This Student Battling Cancer Was Shamed for Parking in Handicapped Spot, and Her Response Is Incredible


But what about those who suffer in silence?

One woman recently experienced the pitfalls of bearing a cross that no one else can see. The subject of a random person’s ridicule, Lexi Baskin is a prime example of what happens when we assume we know what someone’s going through before bothering to ask or offer a helping hand.

The hardest part of being a human is having to suffer from time to time. No person on earth can escape bad things happening, whether it’s something big, like losing a job, or a smaller annoyance like getting ready to leave for a road trip only to discover you need a new set of breaks.

At any point in time, smaller sufferings can be minimized when an even greater trial rears its head out of nowhere. The loss of a spouse or child is unthinkable, as is abuse. Same goes for a loved one getting diagnosed with a devastating disease.

By this point, it’s touched and taken an innumerable amount of lives. No one wants to hear the word “cancer” as it relates to themselves or a loved one, but it’s part of our reality. And it’s one that many people have to accept and bravely stare into the face of. It requires endurance of the highest order, testing even the strongest among us.

Knowing the enormous burden that cancer patients shoulder normally inspires the utmost in goodwill and compassion in others. When we find out a loved one is battling it or simply meet a stranger who’s in the trenches of chemo or radiation, it urges us to lend a hand or a smile to let them know we’re on their side. Usually, we’re ready to dole all the laughs, hugs, and empathy we possibly can.

Not every cancer patient shows visible signs of their very real, internal battle. Those beginning treatment often have yet to lose their hair, and they may look as strong or healthy as anyone from the outside. If the person doesn’t share their condition with those around them, no one would ever know what they’re going through.

No one is a better example of how hurtful this misunderstanding can be than Lexi Baskin, a University of Kentucky student who’s being treated for cancer on her brain stem. Upon returning to her Jeep one day, she found it plastered with horrible flyers stating that she had absolutely no excuse for parking in a handicap spot, when she was, so clearly, “not handicapped.”

Aside from being incredibly rude and presumptuous, what was even more disturbing was how far the perpetrator went to in order to publicly shame Baskin. Perhaps the person had spotted Lexi pulling into the spot, and after merely looking at her, assumed there’s no way she’s handicapped. The offender didn’t just leave a simple note under the windshield wiper, but instead plastered flyers with unkind words all over her vehicle. The goal was obviously to unnerve and shame the college student for her “transgression.”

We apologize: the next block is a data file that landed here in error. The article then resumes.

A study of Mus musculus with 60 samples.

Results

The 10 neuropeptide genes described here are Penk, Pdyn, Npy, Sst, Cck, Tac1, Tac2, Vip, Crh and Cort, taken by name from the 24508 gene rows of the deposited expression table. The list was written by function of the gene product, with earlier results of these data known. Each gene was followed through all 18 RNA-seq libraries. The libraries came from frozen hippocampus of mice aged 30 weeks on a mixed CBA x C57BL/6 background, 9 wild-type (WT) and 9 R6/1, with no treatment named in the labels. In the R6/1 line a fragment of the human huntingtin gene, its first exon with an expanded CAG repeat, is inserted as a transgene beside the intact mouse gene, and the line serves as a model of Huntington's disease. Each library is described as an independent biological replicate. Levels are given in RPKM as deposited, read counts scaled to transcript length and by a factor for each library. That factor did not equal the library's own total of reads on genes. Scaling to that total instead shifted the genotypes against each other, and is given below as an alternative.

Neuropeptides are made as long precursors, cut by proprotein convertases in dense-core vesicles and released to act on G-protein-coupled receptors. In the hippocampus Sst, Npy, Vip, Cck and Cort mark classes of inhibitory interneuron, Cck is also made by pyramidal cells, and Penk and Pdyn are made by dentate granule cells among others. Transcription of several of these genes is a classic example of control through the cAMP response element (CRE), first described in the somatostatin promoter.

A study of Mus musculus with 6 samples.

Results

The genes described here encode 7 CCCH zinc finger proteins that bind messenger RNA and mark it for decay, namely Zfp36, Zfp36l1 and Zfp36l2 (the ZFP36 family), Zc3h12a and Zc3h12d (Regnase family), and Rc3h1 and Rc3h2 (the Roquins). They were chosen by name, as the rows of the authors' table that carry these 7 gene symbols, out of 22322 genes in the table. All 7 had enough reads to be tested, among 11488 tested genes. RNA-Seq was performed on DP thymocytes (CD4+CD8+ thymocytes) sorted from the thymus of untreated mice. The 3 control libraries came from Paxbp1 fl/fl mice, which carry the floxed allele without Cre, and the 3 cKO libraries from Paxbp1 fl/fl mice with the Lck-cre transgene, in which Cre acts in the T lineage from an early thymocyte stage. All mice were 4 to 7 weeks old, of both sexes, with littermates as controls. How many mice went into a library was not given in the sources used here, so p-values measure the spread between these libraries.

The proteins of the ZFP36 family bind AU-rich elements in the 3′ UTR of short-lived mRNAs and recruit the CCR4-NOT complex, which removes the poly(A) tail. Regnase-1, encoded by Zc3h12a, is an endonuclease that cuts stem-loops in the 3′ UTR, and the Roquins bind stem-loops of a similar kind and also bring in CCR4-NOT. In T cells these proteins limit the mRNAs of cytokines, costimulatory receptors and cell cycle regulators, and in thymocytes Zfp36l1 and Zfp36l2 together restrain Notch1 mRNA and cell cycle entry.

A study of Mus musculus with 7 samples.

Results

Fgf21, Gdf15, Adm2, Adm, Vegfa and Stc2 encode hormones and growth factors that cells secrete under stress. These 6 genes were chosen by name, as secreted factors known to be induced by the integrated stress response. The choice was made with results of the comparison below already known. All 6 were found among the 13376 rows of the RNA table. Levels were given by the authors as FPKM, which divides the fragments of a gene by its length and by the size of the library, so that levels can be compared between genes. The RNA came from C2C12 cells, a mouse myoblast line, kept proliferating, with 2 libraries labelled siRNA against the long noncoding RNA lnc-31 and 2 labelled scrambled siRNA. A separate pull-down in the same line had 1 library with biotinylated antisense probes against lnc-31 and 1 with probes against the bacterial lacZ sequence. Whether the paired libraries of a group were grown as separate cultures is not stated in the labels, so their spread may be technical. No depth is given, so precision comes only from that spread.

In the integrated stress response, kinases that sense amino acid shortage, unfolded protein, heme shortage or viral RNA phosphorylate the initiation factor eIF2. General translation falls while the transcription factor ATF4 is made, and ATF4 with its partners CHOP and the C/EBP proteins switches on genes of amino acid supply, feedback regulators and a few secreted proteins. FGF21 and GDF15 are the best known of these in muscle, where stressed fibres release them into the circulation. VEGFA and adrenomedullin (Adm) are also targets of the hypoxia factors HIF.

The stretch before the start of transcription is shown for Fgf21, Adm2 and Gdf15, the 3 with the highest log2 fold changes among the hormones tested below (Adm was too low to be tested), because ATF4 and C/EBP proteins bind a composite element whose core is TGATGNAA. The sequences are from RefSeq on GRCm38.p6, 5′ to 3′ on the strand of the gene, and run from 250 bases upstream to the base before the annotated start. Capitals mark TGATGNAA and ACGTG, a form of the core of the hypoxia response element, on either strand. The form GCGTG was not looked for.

If you expect to hear that Baskin flew off the handle, ranting and raving about her accuser, you’d be mistaken. On top of being able to bravely battle a horrible disease, she took the incident as an opportunity to post a patient reminder on social media. That message? To remember that there are all sorts of reasons someone might be authorized to use a designated handicapped spot. Along with photos of her car, Baskin tweeted, “Just a gentle reminder that you have no idea what is going on in other people’s lives.

Baskin went on to give an account of why exactly she was using the handicapped spot. It should’ve been unnecessary, but, like we said, she’s patient. “This is my car and I am legally allowed to park in handicap spaces due to cancer treatment and exhaustion. Just because you can’t physically observe something does not mean that a person is not feeling it. I had a grade 2 ependymoma on my brain stem. It was removed July 28th and I started radiation 5 weeks ago today.”

After Baskin posted pictures of the unkind incident online, it was hard to find anyone who sympathized with the unnamed accuser. At the end of the day, most people keep the embers of kindness burning, so responses, like this one from another Facebook user summed up pretty much what everyone was thinking. “Unless you know this person and know without a doubt they do not have a handicap you shouldn’t deface their car. Handicaps come in many shapes and sizes. Just saying.

There’s no debate that what the vandalizer did was awful, but Baskin’s experience and her thoughtful response served as call to compassion. She wrote: “Be kind to people. Make people cry tears of joy, and not frustration or sadness. Love one another. I will choose to love this person and pray for them. I hope that the darkness in their heart is replaced with unconditional love and happiness.” We agree. When it comes to cancer shaming, we tend to err on the side of caution.